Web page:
The surgical world is one so widely broadcast in popular media that we all think we have a pretty good idea of what happens inside an operating room. If you’ve watched Grey’s Anatomy a few times, you’re probably remembering intense looks across the table, life or death decisions in every case, and multiple machines beeping ominously. As a savvy viewer, you probably also get the sense that maybe the real deal is a bit less dramatic. However, because only licensed personnel are allowed in the room, it is hard to know what really goes on in there. Let’s pull back the curtain a bit and look at a procedure that is a staple in plastic surgery: the tummy tuck.

What Happens In a Tummy Tuck?

The gist of the operation is that your surgeon marks where you want tissue removed, and then after getting a nice cocktail from your anesthesiologist you fall asleep and wake up to a new body contour and a lot less extra skin and fat. Traditionally, the way that this happens is by drawing out an ellipse (football) shape on your lower abdomen where most of us store excess tissue, removing that tissue, and then closing everything up in a straight line across the lower abdomen that then becomes your souvenir scar. The umbilicus (belly button) gets preserved during the tissue removal stage and then is given a new place to come out. This leaves you with a new scar around the belly button as well, so that your final scar pattern is a small circle around the umbilicus and a long straight line from hip to hip.

What Has Changed about this Procedure Over Time?

Though the mechanics of the procedure are largely the same, the earliest of these types of procedures were much riskier. Like many plastic surgery techniques, the abdominoplasty originated on the battlefield, and was performed in order to remove an area with compromised tissue. As you might imagine, things have gotten much cleaner, tissue removal and planning has become more elegant, and incisional healing has improved by leaps and bounds.

Today, we know that the right suturing techniques and proper postoperative guidelines can make it possible to remove a significant amount of tissue for a beautifully dramatic result. While no surgery is no-risk, the abdominoplasty is one that is done so often that the process is nicely standardized: on-the-fly changes in the surgical plan are extremely rare.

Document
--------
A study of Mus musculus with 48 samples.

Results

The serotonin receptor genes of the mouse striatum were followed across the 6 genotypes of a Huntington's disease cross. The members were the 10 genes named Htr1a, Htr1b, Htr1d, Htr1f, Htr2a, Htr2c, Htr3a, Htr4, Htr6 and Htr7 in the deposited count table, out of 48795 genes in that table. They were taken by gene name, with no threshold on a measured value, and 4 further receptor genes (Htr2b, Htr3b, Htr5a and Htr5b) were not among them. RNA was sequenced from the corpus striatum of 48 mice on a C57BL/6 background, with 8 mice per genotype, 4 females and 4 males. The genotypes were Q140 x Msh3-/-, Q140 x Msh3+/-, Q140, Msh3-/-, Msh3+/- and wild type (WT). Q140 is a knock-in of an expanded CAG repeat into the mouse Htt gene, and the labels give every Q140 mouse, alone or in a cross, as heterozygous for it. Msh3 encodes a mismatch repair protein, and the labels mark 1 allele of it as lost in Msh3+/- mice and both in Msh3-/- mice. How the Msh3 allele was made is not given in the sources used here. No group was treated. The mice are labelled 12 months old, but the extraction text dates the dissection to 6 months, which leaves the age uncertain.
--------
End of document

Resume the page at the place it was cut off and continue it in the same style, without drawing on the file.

Variations of the Tummy Tuck

There are several variations on the tummy tuck that have dramatically improved the scope of the procedure and what it is able to accomplish, namely:

  • mini abdominoplasty
  • abdominoplasty with liposuction
  • fleur de lis abdominoplasty.

These three variations have changed the game as far as what type of outcomes are possible. The mini abdominoplasty involves a smaller ellipse, a smaller length of scar, and no incision around the belly button (it simply gets pulled down a bit). The abdominoplasty with liposuction addresses stubborn fat (usually in the flanks/love handles) that a tummy tuck alone doesn’t tackle. The fleur-de-lis abdominoplasty (so named for the design of the incision) is a procedure for those with excess tissue in both the upper and lower abdomen. This excess tissue is removed in both a vertical and horizontal axis, creating an entirely new contour to the torso.

Typically, the pros and cons of each of these are discussed in an initial consultation with your surgeon, and recommendations are made based on your individual body composition.

With these variations, some of the old standbys of abdominoplasty have gone by the wayside depending on which procedure is right for you.

Does every abdominoplasty require an incision around the belly button? Not anymore! If you’re a candidate for a mini abdominoplasty, your incision will simply be a horizontal line along the lowest portion of the abdomen, shorter in length than a full abdominoplasty.

Does every abdominoplasty leave you “little in the middle but wide on the side?” Also no! As you probably guessed, this is where a bit of liposuction can often smooth and refine that contour to your liking to get results that direct tissue removal can’t quite achieve alone.

And lastly, if you’re a good candidate for a fleur-de-lis abdominoplasty, your whole anterior torso changes during surgery, not just the lower abdomen.

Postoperative Care for a Tummy Tuck

Postoperative care for a tummy tuck involves a lot of the same things that postoperative care for any surgery involves: rest, rest, and more rest. Depending on how much tissue you’d like to have removed during your abdominoplasty, you may have to remain flexed at the waist for a time to allow your incision to heal before you stand up straight: no backbends allowed. And even with all the advancements in surgical care in the world, nothing can quite replace a drain for removing excess fluid from the surgical site. These restrictions and accessories are typically a few weeks in duration, and you and your surgeon will make a plan for what your postoperative course should look like to optimize your outcome.

Schedule Your Consultation with Dr. Nick Vial

Curious to know more about surgical options that might be right for you? We are happy to help. Reach out to our office to schedule your consultation and we will guide you through the process every step of the way.